I investigated responses of Burrowing Owls (Athene cunicularia) to experimental conspecific brood parasitism to determine if they were capable of egg discrimination, and if they would accept or reject a parasitic egg introduced into their nest.
Owl responses to parasitic eggs varied with nesting stage. Egg rejection predominated in nests where I introduced a parasitic egg during laying, yet owls accepted parasitic eggs added during incubation. Early deposited parasitic eggs may pose a greater threat to host fitness because of increased chance of hatching, which may explain why more early deposited parasitic eggs were rejected.
Responses to early parasitic eggs did not differ when I added an egg (clutch size increased) or when I swapped the parasitic egg for a host egg (clutch size did not change). This suggests that hosts rejected the parasitized nest based on presence of the parasitic egg and not solely based on an increased clutch size.
Size differences between host and parasitic eggs, and degree of variability among eggs within host clutches, had no effect on rejection. Instead of selectively rejecting parasitic eggs, hosts buried them along with their own. This implies that the hosts could not remove the parasitic egg or were unable to recognize it.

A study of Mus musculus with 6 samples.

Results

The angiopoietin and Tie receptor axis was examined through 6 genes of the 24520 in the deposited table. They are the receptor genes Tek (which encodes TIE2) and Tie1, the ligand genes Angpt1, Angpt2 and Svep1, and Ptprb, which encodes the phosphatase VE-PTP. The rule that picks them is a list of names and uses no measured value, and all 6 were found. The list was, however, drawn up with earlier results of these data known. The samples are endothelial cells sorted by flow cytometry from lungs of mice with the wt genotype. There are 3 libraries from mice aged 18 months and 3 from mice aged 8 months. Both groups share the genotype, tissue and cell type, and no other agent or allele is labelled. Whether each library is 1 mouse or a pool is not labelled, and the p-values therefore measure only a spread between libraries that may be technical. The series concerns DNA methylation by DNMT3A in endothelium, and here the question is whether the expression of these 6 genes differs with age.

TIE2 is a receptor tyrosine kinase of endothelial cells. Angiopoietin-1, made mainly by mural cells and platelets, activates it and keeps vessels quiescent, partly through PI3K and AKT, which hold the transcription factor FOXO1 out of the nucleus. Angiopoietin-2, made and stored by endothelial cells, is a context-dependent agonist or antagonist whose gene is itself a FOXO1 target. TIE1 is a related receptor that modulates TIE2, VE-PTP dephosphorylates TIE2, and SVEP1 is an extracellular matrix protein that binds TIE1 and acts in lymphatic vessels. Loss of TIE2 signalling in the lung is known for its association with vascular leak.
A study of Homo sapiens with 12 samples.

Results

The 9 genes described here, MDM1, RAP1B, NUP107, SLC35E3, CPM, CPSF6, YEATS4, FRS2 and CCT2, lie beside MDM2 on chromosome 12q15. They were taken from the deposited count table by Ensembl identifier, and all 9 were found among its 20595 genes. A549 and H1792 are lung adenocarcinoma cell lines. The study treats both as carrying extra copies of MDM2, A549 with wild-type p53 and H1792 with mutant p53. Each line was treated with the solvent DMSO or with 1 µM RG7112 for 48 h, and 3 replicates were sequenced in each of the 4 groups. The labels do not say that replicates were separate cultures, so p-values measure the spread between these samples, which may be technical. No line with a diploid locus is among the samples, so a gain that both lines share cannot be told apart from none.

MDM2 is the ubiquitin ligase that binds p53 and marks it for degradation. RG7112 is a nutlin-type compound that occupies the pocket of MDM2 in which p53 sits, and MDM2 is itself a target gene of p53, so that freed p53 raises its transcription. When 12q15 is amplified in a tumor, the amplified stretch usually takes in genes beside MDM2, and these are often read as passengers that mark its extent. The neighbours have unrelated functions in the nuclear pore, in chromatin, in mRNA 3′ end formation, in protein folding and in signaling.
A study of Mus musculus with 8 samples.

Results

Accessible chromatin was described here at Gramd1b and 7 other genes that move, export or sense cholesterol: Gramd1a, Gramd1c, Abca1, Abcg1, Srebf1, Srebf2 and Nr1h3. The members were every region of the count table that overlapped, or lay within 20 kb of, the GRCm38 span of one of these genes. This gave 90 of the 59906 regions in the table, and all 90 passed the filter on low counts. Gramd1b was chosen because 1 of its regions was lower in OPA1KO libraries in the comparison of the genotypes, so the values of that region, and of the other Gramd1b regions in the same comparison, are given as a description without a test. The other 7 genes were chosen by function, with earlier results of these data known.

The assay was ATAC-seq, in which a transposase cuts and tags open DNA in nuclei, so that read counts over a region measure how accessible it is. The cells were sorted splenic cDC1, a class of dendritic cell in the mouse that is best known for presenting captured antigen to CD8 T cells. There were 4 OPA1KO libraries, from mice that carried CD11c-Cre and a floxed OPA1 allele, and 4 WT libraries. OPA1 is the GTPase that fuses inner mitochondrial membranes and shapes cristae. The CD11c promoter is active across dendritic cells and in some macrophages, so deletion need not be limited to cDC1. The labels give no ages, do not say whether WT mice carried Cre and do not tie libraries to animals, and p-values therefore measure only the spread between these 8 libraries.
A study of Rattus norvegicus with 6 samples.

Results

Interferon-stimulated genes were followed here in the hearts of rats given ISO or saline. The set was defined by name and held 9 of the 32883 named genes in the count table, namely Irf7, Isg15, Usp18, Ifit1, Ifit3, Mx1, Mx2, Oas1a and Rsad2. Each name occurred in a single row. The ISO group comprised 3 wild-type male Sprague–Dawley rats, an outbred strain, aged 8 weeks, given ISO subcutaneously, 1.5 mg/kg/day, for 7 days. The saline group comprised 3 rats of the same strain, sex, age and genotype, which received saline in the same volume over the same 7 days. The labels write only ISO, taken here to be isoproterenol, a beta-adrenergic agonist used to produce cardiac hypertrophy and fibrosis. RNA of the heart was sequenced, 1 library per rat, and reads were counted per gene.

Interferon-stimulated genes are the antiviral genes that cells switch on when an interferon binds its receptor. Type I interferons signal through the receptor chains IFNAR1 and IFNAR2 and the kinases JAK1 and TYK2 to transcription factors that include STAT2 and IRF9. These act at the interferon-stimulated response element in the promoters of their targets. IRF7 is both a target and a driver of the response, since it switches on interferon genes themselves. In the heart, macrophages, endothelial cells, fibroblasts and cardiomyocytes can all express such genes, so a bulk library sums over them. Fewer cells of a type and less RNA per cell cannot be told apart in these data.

I also assessed changes in parental care by evaluating images from infrared cameras placed at owl nests. There were no differences in parental behavior between parasitized and non-parasitized nests. Thus, Burrowing Owls may either be unable to identify parasitic nestlings or unwilling to decrease parental care if the cost is decreasing their own offspring’s survival.
Finally, I assessed laying determinacy by comparing completed clutch sizes of nests where I removed (i.e., source nests for parasitic eggs) or added one egg during laying, to completed clutch sizes of unmanipulated controls. Clutch sizes at removal nests did not differ from controls, while clutch sizes at addition nests were significantly larger. Thus, Burrowing Owls in my study area may be described as removal indeterminate and addition determinate.
The results of this study provide evidence that conspecific brood parasitism may be a part of the behavioral repertoire of Burrowing Owls, and they also may provide insight into how laying determinacy can facilitate conspecific brood parasitism or mitigate its costs in this species. What is now needed is a comprehensive evaluation of Burrowing Owl family data to lend molecular support to the behavioral evidence of my research.